Below, we have gathered information and frequently asked questions to help you prepare for a visit. In the dropdown list are items for further information on hiking trails, maps, and tours available.

If you feel something is missing. Let us know.

Is the eruption site open for a visit?

The eruption site at Sundhnúksgígar is closed for public access, however, you can visit the previous eruption site at Mt. Fagradalsfjall. Check for the most recent updates on Our news website and These websites are updated regularly to keep you informed. 

Is the eruption still ongoing?

Currently there is no ongoing eruption. However, that could change in the coming weeks or months. 

Can I bring children to the eruption site?

When open, it is allowed to bring children of any age to the eruption site, however, it is not recommended by authorities due to gas pollution when an eruption is ongoing.
Parents are reminded that longer hikes can take up to 5-6 hours. Follow the instructions from authorities and study our hiking map to see which hike might be the best one for the family. 

Do I need a guide to visit the eruption site?

No, the area is open to everyone, so you can hike yourself. If you prefer a guided tour, then there are tourism companies that offer you a variety of tours. You can see what they have to offer here.

Is it allowed to walk on the lava?

According to the Environmental Agency of Iceland, walking on the lava is forbidden and dangerous. The top layer can easily break when stepped on, causing hazards to people. The lava at Fagradalsfjall Volcano is a unique geological monument that we must respect and protect. It is important for visitors to leave no trace such as throwing stones at the lava or making inscriptions on it. Lavas are under special protection according to the act. 61 of the Nature Conservation Act.

One of the biggest risks of walking on new lava is breaking the top layer over a hidden lava tube. Falling into a lava tube that's still several hundred degrees Celcius can lead to injuries. 

Do I need to pay for parking?

  • When visiting the Mt. Fagradalsfjall eruption sites:

Yes, the parking fee is 1000 ISK (≈ 8 USD) and can be paid electronically at The payment is valid for 24 hours. There are signs at the parking lots with instructions. 

There are currently two parking lots that you can choose from, Parking P1 or Parking P2. You will need to pick the correct payment site accordingly:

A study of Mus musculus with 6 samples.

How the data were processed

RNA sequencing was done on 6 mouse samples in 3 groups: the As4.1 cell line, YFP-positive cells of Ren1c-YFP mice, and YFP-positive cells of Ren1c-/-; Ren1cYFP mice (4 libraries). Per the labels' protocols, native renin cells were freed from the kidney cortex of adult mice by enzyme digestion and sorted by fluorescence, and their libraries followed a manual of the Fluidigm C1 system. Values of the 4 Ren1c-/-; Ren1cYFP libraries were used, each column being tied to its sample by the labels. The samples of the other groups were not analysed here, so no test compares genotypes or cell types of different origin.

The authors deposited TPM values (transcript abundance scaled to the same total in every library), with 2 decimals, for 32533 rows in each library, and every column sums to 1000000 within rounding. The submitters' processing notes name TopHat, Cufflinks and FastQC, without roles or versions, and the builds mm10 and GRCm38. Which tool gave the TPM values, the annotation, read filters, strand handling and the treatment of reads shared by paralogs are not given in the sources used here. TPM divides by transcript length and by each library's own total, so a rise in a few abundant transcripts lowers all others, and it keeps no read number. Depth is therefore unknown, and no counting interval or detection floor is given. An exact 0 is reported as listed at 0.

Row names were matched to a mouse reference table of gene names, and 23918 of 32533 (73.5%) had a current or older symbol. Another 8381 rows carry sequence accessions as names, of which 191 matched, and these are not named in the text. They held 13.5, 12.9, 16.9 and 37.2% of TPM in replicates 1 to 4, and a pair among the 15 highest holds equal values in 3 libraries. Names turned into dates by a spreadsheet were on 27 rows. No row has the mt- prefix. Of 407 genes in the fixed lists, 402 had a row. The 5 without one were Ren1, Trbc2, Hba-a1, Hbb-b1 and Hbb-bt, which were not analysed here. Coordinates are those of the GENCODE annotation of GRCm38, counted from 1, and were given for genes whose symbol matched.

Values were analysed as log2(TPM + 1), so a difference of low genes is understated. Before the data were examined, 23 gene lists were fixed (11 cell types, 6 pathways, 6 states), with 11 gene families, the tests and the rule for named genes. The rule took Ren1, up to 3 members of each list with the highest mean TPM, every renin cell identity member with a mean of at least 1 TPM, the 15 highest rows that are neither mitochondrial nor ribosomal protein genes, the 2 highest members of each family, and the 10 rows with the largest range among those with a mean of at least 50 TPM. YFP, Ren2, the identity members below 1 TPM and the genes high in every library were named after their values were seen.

Parking P1:

Parking P2 (Stóri-Leirdalur):

According to, the payment is necessary to pay for the infrastructure on-site and its maintenance. The intention is to make access better and increase people's safety. The parking lots are monitored with cameras and if parking is unpaid, an additional fee is added and a bank claim is created. The claim usually goes out one day later, so if you have trouble paying on-site, you can finish the payment when you arrive back at your hotel. 

For further questions regarding the parking, please contact (P1 parking) or (P2 parking). 

  • When visiting the eruption site by Sundhnúksgígar: 
  •  The site is closed and no hiking trails or parking areas have been defined at this moment. This will be updated. 

Where is the volcano and where does the hiking trail start?

  • The Fagradalsfjall Volcano is located on the Reykjanes peninsula, east of the town of Grindavík by road no. 427 (Suðurstrandarvegur). A map of the area with info about parking and hiking paths can be found here.
  • The eruption site by Sundhnúksgígar is located on the Reykjanes peninsula, north of the town of the town of Grindavík and to the east of the Blue Lagoon, by road no. 43 (Grindavíkurvegur). No hiking trails have been marked for the eruption site as it is currently closed to visitors.

How do I prepare for the hike regarding clothing and equipment?

The hiking trails can be challenging and conditions are different day by day and even during the day. If you plan to hike to the volcano it is essential to have good hiking shoes, warm clothing and waterproof outerwear. It is important to take extra care during the winter as the weather is colder and can change rapidly within the day and location. Safetravel has prepared a list of recommended clothing, see here.

Is there any chance of a bathroom break?

By Mt. Fagradalsfjall the area is still under construction. There are usually portable bathrooms available by parking places P1 and P2. 

Does the weather make any difference?

Yes, the weather can make all the difference and determine whether you can reach the eruption site or if you will enjoy the journey or not. You can find Weather information here and a gas forecast here.

Can I rent a bike?

Unfortunately, it is not possible to rent a bike due to Grindavík being closed. 


  • Is Iceland safe to visit after the most recent volcano eruptions?

    When volcanic activity first kicked off on the Reykjanes peninsula a few years ago, it came as a bit of a surprise. After all, the area hadn’t experienced an eruption for something like eight centuries. Over the past three years, volcanic activity has increased and subsided several times. The most recent phase began in late 2023 and has been ongoing on and off ever since. These eruptions have had a significant impact on the town of Grindavik in the south of the Reykjanes peninsula and also periodically, to the Blue Lagoon in the middle. So what effect, if any, will this have on your travel plans?
  • Original road to Blue Lagoon reopened

    Grindavikurvegur has been reopened for access to the Blue Lagoon - however, access to Grindavik remains closed.
  • Recent eruption has stopped

    The recent eruption that began on May 29th, came to an end.
  • Updates Regarding Ongoing Eruption and Accessibility

    Stay up to date on the latest information - we answer your frequently asked questions below.